WASHINGTON — As Congress breaks next week for its spring recess, President Barack Obama has an opportunity to turn to a divisive tool to push through his stalled nominees: the recess appointment.
It's never a president's preference, and the political fallout can be nasty, but presidents tend to use this power eventually. They do so either to install someone too controversial to overcome a Senate filibuster, or to fill key spots being held up for unrelated reasons by senators who are trying to secure local projects or use the nominee as leverage in an ideological fight.
Republican President George W. Bush bypassed the Senate confirmation process this way at least 171 times, the Congressional Research Service found. President Bill Clinton, a Democrat, did it 139 times.
In 2005 when he was a senator, Obama criticized Bush's recess appointment of John Bolton as U.S. ambassador to the United Nations. Last month, however, Obama indicated that he'd consider his own recess appointments for critical jobs where he felt noncontroversial nominees were being help up.
As of Thursday, White House aides said 558 judicial and civilian nominees had been confirmed, but another 208 are pending before the Senate. Of those, 73 have cleared the committee process but await a final vote.
The power for recess appointments derives from Article II, Section 2, clause 3 of the Constitution, which provides for continuity of government when the Senate isn't in session. Recess appointments are in effect only through the end of the Senate's next session. A recess appointee now could stay on the job only through late December 2012, unless the Senate confirms him or her in the meantime.
The White House isn't saying if the president will make recess appointments over the coming break — or whom he might appoint.
Senate Republicans anticipate that he's preparing to make at least one — a spot on the National Labor Relations Board.
The Senate Republican caucus wrote Obama a letter Thursday asking him not to name labor official Craig Becker to the board. The letter came after some Democrats close to the administration predicted it would happen, but also after Chief Justice John G. Roberts, a Republican nominee, questioned why Obama hadn't yet used his recess powers to fill the five-member board, which, with three vacancies, hasn't been able to function.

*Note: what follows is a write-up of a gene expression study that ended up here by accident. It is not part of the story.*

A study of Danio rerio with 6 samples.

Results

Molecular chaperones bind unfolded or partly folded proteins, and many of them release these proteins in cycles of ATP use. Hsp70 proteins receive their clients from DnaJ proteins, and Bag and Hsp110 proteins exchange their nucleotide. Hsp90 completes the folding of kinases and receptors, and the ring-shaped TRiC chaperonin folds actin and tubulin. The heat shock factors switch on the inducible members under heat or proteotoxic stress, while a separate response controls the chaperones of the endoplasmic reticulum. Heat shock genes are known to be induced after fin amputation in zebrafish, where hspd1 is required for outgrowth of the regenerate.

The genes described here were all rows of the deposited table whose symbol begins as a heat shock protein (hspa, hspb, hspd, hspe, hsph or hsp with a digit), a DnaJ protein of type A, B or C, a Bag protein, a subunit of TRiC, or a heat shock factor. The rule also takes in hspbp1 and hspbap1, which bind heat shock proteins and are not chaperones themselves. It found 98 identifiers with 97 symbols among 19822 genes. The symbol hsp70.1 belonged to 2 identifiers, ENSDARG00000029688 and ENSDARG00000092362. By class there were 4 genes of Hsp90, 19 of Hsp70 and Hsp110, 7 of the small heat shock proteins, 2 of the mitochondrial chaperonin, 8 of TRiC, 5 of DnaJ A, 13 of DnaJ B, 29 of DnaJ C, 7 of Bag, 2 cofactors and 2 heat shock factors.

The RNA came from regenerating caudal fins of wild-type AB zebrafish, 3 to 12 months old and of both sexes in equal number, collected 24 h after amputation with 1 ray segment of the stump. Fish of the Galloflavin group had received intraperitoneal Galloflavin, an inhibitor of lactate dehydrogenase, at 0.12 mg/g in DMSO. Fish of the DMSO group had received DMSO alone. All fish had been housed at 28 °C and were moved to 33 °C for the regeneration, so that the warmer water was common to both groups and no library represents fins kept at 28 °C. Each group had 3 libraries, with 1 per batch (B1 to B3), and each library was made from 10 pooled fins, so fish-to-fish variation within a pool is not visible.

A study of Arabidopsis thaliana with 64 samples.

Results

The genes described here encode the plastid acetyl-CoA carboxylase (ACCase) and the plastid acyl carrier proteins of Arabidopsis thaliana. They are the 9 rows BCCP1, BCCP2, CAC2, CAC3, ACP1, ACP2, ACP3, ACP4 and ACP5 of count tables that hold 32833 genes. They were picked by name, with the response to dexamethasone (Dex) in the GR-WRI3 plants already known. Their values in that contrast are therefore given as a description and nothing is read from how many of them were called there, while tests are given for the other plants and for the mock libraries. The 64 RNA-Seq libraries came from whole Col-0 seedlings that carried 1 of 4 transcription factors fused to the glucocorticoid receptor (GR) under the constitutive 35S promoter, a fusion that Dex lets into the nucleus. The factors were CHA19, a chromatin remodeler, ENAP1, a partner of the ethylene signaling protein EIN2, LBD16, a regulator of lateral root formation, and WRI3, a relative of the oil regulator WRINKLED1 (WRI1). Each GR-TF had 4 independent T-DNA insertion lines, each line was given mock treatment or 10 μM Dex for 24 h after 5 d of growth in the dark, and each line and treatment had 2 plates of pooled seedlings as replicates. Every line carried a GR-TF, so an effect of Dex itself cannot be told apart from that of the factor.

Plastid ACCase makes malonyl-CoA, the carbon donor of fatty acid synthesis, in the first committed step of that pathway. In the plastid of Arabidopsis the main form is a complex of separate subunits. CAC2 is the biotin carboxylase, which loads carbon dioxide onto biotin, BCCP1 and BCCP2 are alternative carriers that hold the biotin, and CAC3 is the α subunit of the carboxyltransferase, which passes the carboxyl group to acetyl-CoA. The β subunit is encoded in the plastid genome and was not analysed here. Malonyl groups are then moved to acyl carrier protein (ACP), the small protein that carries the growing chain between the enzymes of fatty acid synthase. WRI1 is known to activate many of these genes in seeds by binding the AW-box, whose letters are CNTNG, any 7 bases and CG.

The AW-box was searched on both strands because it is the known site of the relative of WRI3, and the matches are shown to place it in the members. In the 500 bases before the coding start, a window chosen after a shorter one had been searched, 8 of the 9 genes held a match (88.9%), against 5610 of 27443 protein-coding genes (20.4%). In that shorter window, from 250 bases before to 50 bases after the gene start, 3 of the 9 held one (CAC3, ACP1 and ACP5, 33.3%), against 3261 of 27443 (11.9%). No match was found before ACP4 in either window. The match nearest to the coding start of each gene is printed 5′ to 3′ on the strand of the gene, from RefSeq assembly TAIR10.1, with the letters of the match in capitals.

Becker's nomination failed last month on a cloture vote. Republicans say Becker's record suggests he wouldn't be impartial, and that because of his legal work for an international union and major union federation he'd often have to recuse himself. They also said that using a recess appointment for someone who'd been rejected by the Senate would set an "unfortunate precedent. To do so would disregard the Senate's constitutional responsibility of advice and consent."
Paul C. Light, a professor of public service and a governance expert at New York University, said it is "somewhat of a surprise that Obama has waited this long, especially given the frequent use of Senate personal-prerogative holds to delay confirmations. He's right to be frustrated by it all, and government is suffering from the lack of movement on key posts."
At the same time, Light said, recess appointments constrain both the president and the nominee and should be "a last resort."
Several Republican lawmakers said Thursday that they hope Obama won't make recess appointments, especially on controversial nominees.
"When they submit people whose background and stated philosophy many of us believe might place the country at risk, we have every right to be able to debate and vote on that," said Sen. Jeff Sessions, R-Ala.
However, Sen. Claire McCaskill, D-Mo., said that if Republicans hold up qualified nominees, "I don't think the president has much of a choice but to begin to look at that process. His government needs to function, and if the idea here is that you obstruct to the point that you try to make him fail, I think that he's got to use whatever process available to run the government."